My mother was my portal into the world of the senses: She taught me to cook without recipes, to experiment freely with whatever ingredients were on hand, to look first to the earth, and second to the demands of hunger. But in 2008, when she died, the kitchen suddenly became a foreign space filled with hotspots of loss.

Black Sesame-Crusted Tofu Bowl with Quick-Pickled Veggies & Cilantro Tahini

In the months after her death, I felt infantile, my twenty-four-year-old self reduced to the lowest common denominator of adult capacity. There were days when I couldn’t bear to step into the kitchen at all, so weighty was the pall of her absence. Gradually, I steeled myself to eat simple foods that offered maximal comfort, foods I ate as an infant. One ingredient was particularly pacifying, a food that was also one of my first words: Fuff. (Or, in adult English: tofu.)

My parents were hippies at heart, lovers of nutritional yeast and bulk bins and blue-green algae. My mother plied me with millet and carob from the time I was a toddler. And tofu, tofu was our mainstay. Tofu baked with freshly grated ginger, toasted sesame oil, and soy sauce; tofu smeared with olive oil and coated with cornmeal and yeast and Spike seasoning blend; tofu sautéed in butter and Bragg's; tofu pan-fried with tamari and garlic and, yes, more yeast.

At fifteen, I bought my mom a fridge magnet with an illustration of a 1950s housewife standing gleefully over her stove, except this one said, “What couldn’t that woman do with tofu!” It was the apotheosis of her kitchen identity: She was a tofu whisperer, and my father and I praised her excellence at multiple meals each week.


Sometimes I felt embarrassed watching them in what seemed like such a private moment, their romance, their singing to each other, my dad in his hopeful croon promising his love to my mom, my mom utterly surrendered to everything they were together, all the ways their love had stayed. Had lasted. Even as the house around them crumbled. Even as her body crumbled. She knew how to cook tofu, and so would I.

This, then, was how I put myself back together again in the kitchen, summoning those moments when the wholeness of our family was so plain and joyful it didn’t hurt. Remembering her as she was before, relearning the tastes and textures and foods that she gave me. Now, when I make tofu, I feel her in me. Drain the water. Slice the curd. Marinate. Remember. Feel it all.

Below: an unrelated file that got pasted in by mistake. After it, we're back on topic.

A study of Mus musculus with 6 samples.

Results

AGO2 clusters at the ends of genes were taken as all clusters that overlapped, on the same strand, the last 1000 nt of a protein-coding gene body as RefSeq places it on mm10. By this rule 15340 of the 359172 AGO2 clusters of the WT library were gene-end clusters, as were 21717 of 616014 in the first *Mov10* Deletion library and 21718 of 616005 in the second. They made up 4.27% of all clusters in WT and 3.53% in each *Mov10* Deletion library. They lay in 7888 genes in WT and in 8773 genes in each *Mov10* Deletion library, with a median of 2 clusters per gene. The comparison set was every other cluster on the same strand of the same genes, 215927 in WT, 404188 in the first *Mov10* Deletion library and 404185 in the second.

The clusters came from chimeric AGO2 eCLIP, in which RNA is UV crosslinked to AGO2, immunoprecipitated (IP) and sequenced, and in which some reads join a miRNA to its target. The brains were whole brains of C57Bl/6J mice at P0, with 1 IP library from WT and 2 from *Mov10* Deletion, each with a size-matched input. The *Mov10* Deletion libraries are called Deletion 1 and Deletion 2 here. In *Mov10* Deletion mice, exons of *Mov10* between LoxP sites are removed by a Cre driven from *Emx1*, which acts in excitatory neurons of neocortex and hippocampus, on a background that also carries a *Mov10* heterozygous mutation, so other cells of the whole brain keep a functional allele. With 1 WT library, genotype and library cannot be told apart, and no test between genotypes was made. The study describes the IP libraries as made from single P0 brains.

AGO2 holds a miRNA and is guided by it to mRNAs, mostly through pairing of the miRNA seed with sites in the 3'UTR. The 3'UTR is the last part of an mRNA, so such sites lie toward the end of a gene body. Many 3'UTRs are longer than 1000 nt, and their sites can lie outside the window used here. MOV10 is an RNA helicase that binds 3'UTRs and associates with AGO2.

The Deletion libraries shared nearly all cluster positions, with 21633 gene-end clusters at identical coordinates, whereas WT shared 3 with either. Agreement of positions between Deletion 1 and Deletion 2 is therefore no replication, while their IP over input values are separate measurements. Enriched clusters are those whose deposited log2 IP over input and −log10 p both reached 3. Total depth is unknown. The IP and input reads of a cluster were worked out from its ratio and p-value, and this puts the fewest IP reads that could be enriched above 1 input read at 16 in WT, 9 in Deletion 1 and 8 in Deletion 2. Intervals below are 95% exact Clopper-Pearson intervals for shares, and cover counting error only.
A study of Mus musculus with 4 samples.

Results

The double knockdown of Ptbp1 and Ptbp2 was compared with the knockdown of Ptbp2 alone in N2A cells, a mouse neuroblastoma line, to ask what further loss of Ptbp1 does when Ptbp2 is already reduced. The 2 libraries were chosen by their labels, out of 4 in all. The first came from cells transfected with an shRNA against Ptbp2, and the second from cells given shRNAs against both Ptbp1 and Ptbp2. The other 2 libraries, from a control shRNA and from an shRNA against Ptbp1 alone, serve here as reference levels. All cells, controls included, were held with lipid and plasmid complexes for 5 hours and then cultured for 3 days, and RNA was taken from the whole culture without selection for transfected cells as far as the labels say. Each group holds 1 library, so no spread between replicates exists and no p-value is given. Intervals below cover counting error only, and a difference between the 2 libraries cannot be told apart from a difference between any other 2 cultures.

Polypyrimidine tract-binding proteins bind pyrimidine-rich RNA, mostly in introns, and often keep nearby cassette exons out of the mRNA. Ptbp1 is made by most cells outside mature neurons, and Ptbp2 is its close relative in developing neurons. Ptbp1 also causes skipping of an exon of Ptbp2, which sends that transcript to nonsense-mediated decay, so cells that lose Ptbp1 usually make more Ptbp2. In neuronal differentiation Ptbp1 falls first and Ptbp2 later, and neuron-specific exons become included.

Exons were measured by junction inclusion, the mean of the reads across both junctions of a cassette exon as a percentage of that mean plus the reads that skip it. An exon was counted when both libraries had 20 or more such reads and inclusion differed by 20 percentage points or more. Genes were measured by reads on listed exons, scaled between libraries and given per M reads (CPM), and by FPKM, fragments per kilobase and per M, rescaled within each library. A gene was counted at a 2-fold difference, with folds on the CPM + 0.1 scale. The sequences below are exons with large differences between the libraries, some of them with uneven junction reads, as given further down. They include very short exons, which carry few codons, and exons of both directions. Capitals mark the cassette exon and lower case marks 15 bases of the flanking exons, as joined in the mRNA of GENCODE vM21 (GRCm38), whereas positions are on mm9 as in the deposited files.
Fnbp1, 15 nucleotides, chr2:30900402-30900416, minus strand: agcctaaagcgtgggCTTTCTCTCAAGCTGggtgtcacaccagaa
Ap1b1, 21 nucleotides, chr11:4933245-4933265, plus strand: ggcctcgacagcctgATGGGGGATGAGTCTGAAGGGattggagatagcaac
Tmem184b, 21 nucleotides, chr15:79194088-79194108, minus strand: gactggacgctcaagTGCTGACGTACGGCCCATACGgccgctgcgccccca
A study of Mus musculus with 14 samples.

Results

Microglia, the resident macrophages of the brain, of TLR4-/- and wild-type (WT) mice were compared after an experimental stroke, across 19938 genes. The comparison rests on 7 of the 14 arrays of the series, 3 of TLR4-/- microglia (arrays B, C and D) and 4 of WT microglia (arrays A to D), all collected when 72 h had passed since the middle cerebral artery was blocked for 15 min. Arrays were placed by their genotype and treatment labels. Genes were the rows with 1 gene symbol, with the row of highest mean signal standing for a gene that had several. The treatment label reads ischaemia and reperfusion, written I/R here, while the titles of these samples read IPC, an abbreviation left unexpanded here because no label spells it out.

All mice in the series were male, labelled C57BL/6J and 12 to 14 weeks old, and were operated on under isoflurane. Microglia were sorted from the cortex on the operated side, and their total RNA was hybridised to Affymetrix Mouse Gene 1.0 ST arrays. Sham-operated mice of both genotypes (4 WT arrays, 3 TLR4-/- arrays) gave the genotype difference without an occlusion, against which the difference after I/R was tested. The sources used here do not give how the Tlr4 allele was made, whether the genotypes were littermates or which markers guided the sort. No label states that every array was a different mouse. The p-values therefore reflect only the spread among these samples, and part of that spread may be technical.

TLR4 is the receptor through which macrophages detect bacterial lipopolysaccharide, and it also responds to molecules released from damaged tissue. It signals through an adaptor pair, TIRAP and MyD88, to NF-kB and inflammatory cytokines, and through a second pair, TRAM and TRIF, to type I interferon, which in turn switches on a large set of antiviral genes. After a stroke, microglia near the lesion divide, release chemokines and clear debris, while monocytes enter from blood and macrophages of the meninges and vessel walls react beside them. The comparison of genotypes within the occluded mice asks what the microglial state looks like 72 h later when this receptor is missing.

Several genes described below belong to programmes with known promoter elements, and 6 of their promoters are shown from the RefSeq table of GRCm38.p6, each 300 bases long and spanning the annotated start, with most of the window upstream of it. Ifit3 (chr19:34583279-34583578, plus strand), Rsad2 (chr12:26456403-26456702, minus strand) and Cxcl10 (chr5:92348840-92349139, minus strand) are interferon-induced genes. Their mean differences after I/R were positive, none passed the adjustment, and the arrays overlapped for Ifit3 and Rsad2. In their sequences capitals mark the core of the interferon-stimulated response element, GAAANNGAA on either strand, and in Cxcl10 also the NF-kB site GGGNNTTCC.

Photo by Lily Diamond

This black sesame-crusted tofu is a riff on the baked ginger tofu my mom made weekly. Here, it’s topped with another childhood staple: tahini, or sesame butter. We drizzled tahini everywhere, on sprouted bagels, rice cakes, fresh fruit, and steamed veggies (a.k.a. Hippie Cuisine 101). Which brings me to this luscious black sesame-crusted tofu bowl with cilantro-tahini sauce.

The perfect meal to make for a dinner party or a casual friend gathering, it comes together in about 40 minutes, it’s infinitely customizable, and it’s super delicious.



For the quick-pickled veggies and the cilantro-tahini sauce:

  • 2 medium carrots, washed and tops trimmed, thinly julienned (about 3/4 cup)
  • 1/3 medium watermelon radish (or radish of choice), washed, trimmed, and thinly sliced
  • 1 tablespoon ume plum vinegar or 2 1 ⁄4 teaspoons sherry vinegar plus 3 ⁄4 teaspoon sea salt
  • 1 tablespoon plus 1 teaspoon apple cider vinegar
  • 1 tablespoon water
  • 1 tablespoon fresh mint leaves, minced
  • 1/4 cup tahini
  • 1 teaspoon ume plum vinegar, or 3 ⁄4 teaspoon sherry vinegar plus 1 ⁄4 teaspoon sea salt
  • 1 teaspoon miso paste
  • 5 tablespoons water
  • 1 small garlic clove, crushed
  • 1 tablespoon loosely packed fresh cilantro leaves

For the rice, tofu, salad, and assembly:

  • 1 cup basmati rice
  • 2 cups water
  • 1 block (about 14 ounces) firm tofu
  • 4 tablespoons soy sauce
  • 1 teaspoon ume plum vinegar or rice vinegar
  • 2 teaspoons grated fresh ginger
  • 1 tablespoon toasted sesame oil
  • 1 tablespoon olive oil
  • 3 tablespoons black or white sesame seeds
  • 1 tablespoon fresh lime juice
  • 3/4 cup thinly sliced cucumber
  • 1 teaspoon minced fresh cilantro, plus cilantro leaves for garnish
  • 1 sheet toasted nori seaweed, cut into small pieces
  • 1/2 avocado, sliced

What foods do you turn to to ease back into the kitchen? Tell us in the comments below.